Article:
Feds Shut Down Another Chinatown Bus Company Over Safety Violations

By Serena Solomon on March 8, 2013 6:18pm 

 Passengers board a low-cost Chinatown bus. City, state and federal authorities have been cracking down on safety violations in the industry.
Passengers board a low-cost Chinatown bus. City, state and federal authorities have been cracking down on safety violations in the industry.

CHINATOWN — Another Chinatown bus company has lost its license over safety concerns.

A week after the US Department of Transportation shut down Fung Wah, a pioneer in the low-cost Chinatown bus market, the agency on Friday revoked the license of Ming An, which runs routes to cities including Atlanta, Georgia and Greenville, S.C. from its stop at 59 Canal St., according to a statement from the agency.

The DOT's Federal Motor Carrier Safety Administration (FMCSA) declared Ming An an "imminent hazard to public safety" when an investigation revealed numerous violations, including using unlicensed drivers, and ordered its immediate shutdown.

Last Friday, the federal government revoked Fung Wah's license when the company denied investigators access to some of its safety records. Previous inspections had already found cracks in the frames of 21 of Fung Wah's 28 buses.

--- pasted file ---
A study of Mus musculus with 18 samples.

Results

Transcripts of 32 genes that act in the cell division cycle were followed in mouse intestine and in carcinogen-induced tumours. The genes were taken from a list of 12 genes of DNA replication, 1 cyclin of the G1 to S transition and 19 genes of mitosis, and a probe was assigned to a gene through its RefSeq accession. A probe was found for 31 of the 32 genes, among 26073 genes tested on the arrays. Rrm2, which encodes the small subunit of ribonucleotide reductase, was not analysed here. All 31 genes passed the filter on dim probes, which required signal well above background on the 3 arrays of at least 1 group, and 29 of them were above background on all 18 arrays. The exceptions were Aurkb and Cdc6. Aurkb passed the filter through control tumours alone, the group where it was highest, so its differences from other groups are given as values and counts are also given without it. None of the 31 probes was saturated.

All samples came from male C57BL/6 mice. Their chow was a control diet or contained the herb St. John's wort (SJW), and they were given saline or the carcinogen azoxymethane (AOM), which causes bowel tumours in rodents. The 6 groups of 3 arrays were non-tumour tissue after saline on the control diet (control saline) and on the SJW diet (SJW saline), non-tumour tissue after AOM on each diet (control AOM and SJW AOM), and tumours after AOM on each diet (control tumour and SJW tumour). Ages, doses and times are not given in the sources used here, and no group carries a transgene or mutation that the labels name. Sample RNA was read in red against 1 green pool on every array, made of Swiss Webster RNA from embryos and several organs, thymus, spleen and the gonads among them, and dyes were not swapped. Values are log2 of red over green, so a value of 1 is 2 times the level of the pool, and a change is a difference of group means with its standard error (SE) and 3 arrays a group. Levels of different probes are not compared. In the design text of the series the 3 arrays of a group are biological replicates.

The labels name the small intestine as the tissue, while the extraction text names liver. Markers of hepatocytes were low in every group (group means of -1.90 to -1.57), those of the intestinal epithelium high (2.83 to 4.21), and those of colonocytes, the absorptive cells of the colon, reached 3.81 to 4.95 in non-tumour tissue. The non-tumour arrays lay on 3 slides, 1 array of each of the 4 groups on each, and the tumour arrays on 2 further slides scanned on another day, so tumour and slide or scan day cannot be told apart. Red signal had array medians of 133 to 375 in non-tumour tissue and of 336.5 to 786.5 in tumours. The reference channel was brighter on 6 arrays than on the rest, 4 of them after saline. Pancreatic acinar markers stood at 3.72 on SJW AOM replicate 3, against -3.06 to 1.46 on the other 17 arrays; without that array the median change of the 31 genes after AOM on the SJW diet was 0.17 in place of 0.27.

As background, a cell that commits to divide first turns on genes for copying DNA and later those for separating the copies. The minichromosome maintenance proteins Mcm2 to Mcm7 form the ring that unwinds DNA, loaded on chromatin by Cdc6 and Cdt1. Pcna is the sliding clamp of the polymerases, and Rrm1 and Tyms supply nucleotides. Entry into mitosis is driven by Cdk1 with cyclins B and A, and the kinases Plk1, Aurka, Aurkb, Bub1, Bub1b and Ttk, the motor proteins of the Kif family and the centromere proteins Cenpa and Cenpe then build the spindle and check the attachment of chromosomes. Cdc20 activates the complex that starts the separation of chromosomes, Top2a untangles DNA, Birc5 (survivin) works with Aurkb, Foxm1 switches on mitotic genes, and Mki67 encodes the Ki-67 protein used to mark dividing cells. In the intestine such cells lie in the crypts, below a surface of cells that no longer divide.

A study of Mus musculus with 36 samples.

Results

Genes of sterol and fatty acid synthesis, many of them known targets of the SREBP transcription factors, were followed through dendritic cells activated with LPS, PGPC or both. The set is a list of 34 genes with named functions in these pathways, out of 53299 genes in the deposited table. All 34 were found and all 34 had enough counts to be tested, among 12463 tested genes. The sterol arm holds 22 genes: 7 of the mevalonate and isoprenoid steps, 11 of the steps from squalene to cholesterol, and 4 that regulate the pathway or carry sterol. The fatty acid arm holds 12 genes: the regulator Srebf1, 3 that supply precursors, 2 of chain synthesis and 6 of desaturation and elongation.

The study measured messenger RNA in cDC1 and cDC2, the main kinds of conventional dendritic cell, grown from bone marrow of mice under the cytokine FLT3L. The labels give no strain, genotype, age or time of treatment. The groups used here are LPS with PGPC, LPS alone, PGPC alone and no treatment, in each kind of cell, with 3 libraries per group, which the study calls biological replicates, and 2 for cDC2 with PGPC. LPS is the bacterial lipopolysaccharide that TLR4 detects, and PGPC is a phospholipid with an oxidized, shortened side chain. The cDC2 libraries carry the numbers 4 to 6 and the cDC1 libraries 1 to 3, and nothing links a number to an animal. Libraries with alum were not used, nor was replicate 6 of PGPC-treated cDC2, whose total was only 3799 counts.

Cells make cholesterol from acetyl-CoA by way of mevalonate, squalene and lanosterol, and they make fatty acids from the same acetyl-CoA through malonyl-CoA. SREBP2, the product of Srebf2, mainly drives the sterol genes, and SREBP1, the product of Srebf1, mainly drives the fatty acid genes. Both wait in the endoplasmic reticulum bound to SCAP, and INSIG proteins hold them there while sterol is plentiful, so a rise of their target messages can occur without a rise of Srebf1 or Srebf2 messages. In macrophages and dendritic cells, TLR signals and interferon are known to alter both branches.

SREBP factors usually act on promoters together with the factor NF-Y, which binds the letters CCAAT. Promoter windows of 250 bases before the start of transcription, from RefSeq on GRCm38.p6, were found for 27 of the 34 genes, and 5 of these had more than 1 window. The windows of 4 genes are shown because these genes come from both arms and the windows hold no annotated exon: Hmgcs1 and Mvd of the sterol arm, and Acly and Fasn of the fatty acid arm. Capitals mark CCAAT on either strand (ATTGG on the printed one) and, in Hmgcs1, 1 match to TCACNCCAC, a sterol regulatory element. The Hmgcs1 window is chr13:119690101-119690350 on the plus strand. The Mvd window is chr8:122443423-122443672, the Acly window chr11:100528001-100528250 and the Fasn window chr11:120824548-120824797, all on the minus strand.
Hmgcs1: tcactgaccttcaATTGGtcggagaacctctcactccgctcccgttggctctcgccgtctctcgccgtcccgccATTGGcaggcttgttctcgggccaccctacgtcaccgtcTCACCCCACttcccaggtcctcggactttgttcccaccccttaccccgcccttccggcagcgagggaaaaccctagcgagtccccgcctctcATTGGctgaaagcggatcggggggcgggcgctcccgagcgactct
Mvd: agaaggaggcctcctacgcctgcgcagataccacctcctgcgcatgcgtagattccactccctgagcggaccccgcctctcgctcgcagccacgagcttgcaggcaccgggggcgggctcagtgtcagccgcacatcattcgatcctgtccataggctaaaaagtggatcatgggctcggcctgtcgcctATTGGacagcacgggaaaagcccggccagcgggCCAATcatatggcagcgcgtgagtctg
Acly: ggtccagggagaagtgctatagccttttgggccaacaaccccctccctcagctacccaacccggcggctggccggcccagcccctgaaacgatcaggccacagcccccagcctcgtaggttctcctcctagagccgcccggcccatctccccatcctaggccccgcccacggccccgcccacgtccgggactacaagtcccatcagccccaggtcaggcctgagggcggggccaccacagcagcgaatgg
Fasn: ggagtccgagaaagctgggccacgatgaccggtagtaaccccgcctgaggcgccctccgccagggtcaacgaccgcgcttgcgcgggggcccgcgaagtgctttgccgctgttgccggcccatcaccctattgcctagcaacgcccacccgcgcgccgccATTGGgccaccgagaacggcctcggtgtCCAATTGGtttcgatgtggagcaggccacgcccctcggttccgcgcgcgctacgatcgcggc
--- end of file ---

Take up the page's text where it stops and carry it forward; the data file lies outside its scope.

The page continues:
"We are committed to removing unsafe bus and truck companies from our highways and roads," Transportation Secretary Ray LaHood said in a statement. "We will not let up and we will not slow down. Companies that ignore our safety regulations will not be tolerated."

No one answered either of Ming An's two listed numbers Friday afternoon.

The investigation found Ming An "failed to conduct pre-employment drug and alcohol testing and allowed unqualified drivers to operate its vehicles," the FMCSA said.

Drivers had received numerous tickets for speeding, clocking more than 15 miles per hour over the speed limit, according to the agency.

Other rules breached by Ming An include drivers failing to maintain logbooks and a lack of "a systematic vehicle inspection, repair and maintenance program," according to the FMCSA's statement.  

The low-cost bus carriers that use the streets of Chinatown as bus stops have increasingly come under scrutiny for their safety practices.

Cinatown's intercity buses companies have been involved in a handful of fatal accidents over the past several years, including a March 2011 crash that left 15 people dead when a Chinatown-bound bus flipped over in The Bronx.

In May 2012, the federal government shut down 26 bus lines running through Chinatown.